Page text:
Over thirty years ago, aged twenty, I went to a party in South Kensington and met the
girl who I would later marry. It took just a few chats to ascertain that Judith's sister, also at the party that evening, had until recently lived in the Denbighshire village of Chirk. I immediately pointed out that my uncle Jack Dennis (married to my Aunty Dorothy - my mother's first cousin - so not really an aunty but enough to earn the title if you're Welsh) was the local vicar there. There were other connections too that my new girlfriend had with the area around Chirk. Her father, the late actor James Hayter, had once played in a repertory theatre company back in the early 1930s with a chap called Philip Yorke. Philip Yorke would later become the Squire of Erddig, a great house near the town of Wrexham in North Wales - a fairly short distance from Chirk. Philip Yorke had inherited the house and title of Sherrif from his late brother. As
children, my wife and her siblings had sometimes stayed at Erddig Hall and all had been deeply touched by the gentle kindness of PhilipYorke. After the death of his brother, the death duties were so punitive, that the lion's share of anything that was sold went off to enrich the taxman. Philip Yorke was a man of humble needs and lived on a meagre income in the vast crumbling pile that he dearly loved.
Some time later (approx 1978), when I was working at the theatre in Mold in North Wales, Judith came up for a brief visit and I took her to meet my Uncle Jack and Aunty Dorothy in Chirk. When Judith explained her connection with Erddig Hall and Philip Yorke, my Aunt told us this story - worthy of P G Wodehouse in its eccentricity and dottiness I think!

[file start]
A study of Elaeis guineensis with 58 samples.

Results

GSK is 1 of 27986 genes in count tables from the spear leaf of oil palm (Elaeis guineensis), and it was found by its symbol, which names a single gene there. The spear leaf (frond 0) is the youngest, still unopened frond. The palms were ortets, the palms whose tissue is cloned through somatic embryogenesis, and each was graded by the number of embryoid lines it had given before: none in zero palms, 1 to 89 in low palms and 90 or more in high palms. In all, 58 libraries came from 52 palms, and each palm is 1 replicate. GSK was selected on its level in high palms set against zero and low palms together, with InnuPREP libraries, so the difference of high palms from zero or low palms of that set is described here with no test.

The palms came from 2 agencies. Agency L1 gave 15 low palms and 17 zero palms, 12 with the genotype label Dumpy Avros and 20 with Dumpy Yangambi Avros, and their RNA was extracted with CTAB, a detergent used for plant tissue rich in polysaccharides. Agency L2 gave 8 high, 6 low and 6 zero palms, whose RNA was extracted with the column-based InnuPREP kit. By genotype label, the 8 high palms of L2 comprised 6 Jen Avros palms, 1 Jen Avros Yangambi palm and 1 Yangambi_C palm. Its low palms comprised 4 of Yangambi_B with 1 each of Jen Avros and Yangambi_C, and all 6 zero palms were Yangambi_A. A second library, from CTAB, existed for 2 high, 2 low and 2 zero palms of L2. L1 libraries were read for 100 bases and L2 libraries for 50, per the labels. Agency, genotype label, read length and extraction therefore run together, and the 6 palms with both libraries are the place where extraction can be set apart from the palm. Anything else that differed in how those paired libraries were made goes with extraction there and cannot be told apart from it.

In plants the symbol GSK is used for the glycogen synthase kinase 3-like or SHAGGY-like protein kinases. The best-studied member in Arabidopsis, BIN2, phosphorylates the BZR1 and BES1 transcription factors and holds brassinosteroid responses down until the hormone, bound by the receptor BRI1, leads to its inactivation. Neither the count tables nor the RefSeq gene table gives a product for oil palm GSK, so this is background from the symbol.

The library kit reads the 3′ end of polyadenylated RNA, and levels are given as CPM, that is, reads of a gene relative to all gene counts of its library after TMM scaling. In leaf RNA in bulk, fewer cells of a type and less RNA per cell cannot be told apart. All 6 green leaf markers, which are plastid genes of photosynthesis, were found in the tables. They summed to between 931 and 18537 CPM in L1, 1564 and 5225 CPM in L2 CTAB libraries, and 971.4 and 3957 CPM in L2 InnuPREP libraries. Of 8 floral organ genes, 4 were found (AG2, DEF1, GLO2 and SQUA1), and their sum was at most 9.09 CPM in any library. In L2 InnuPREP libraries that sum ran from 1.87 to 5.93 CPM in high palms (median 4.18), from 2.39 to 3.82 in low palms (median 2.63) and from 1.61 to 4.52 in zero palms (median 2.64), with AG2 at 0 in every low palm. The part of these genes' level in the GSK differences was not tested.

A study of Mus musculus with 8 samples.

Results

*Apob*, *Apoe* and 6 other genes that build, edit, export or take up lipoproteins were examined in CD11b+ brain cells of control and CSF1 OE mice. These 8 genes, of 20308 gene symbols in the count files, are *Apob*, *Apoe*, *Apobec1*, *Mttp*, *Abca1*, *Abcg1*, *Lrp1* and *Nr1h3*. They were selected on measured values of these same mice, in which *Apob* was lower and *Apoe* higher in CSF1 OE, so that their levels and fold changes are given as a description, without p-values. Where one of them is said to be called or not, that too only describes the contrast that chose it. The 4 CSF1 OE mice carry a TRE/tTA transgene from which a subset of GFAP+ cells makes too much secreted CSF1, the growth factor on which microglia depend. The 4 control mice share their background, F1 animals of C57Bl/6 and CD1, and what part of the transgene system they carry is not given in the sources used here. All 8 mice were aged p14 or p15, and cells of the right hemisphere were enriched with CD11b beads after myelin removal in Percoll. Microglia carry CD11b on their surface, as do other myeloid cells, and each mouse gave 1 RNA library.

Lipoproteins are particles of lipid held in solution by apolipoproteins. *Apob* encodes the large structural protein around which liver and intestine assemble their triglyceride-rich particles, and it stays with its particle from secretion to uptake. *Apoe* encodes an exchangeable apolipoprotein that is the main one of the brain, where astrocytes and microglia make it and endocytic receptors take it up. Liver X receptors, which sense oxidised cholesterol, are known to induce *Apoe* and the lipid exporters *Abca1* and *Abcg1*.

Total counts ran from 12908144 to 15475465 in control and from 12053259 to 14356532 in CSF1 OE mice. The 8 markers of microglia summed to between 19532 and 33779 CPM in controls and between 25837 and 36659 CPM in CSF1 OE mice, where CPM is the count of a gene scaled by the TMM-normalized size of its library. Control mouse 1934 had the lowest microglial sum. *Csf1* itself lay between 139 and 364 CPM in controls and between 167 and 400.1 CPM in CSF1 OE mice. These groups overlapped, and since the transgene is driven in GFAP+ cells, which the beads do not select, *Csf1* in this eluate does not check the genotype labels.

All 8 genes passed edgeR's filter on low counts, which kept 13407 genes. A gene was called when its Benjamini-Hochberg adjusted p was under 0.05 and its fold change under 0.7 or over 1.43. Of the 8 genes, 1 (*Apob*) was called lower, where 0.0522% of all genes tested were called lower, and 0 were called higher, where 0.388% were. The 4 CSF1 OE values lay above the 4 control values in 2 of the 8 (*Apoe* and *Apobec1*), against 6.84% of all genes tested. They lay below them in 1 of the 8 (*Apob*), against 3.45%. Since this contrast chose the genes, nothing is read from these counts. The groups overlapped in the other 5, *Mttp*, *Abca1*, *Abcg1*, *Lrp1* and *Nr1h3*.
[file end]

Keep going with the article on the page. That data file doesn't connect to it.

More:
join them for tea. From Mr Yorke's friendly manner she assumed that he was already acquainted with her husband. Confident that she would soon be reunited with her partner she happily went along with the nice gentleman.
Yet, when she was shown into the parlour, there was no sign whatever of Jack, and the tea tray was only arranged for two. However, at this point she didn't doubt for a moment that her husband would be appearing very soon. Aunty Dorothy and Philip Yorke chatted, shared a pot of tea and ate some sandwiches together. But as time went on she couldn't help wondering where her Jack had got to. Mr Yorke was a charming host, but after another fifteen minutes or so, and with still with no sign of or mention of her husband, she was starting to feel more than a little bit uncomfortable.
Finally, after making much polite conversation, Philip Yorke graciously enquired of his guest, “And so my dear, why have you come here to see me today?”
of terrible accidents that may have befallen her Jack. However, fortunately, at that very moment the door opened and in entered her husband along with Bertram
Heyhoe. Bertram was an old friend of Philip Yorke's, also from his earliest days in repertory theatre, who had lived at the house with him for a number of years. It turned out that Jack, when he’d left Dorothy in the car, had ventured round the back of the house where he’d bumped into Bertram who'd proceeded to give him a brief tour of the house and its gardens.
They all had a jolly good laugh about the confusion and some more tea and sandwiches
(I think this tale dates from the early 1970s. We recently drove up to North Wales to attend my Aunty Dorothy's funeral. She was eighty-eight years of age, had experienced some poor health recently but died peacefully in the company of her daughter, Penny. Aunty Dorothy had a dry sense of humour; she was warm and kind but could appear to be a little vague and absent-minded. I am assured by her son, Michael, that the above story is not alone in the many misunderstandings that often took place around her. She and my own mother had played together as girls. When they met in later years it was always a pleasure to watch them
interact and see how swiftly their old cameraderie was resumed. Aunty Dorothy was a rich character and my family and I will most certainly miss her).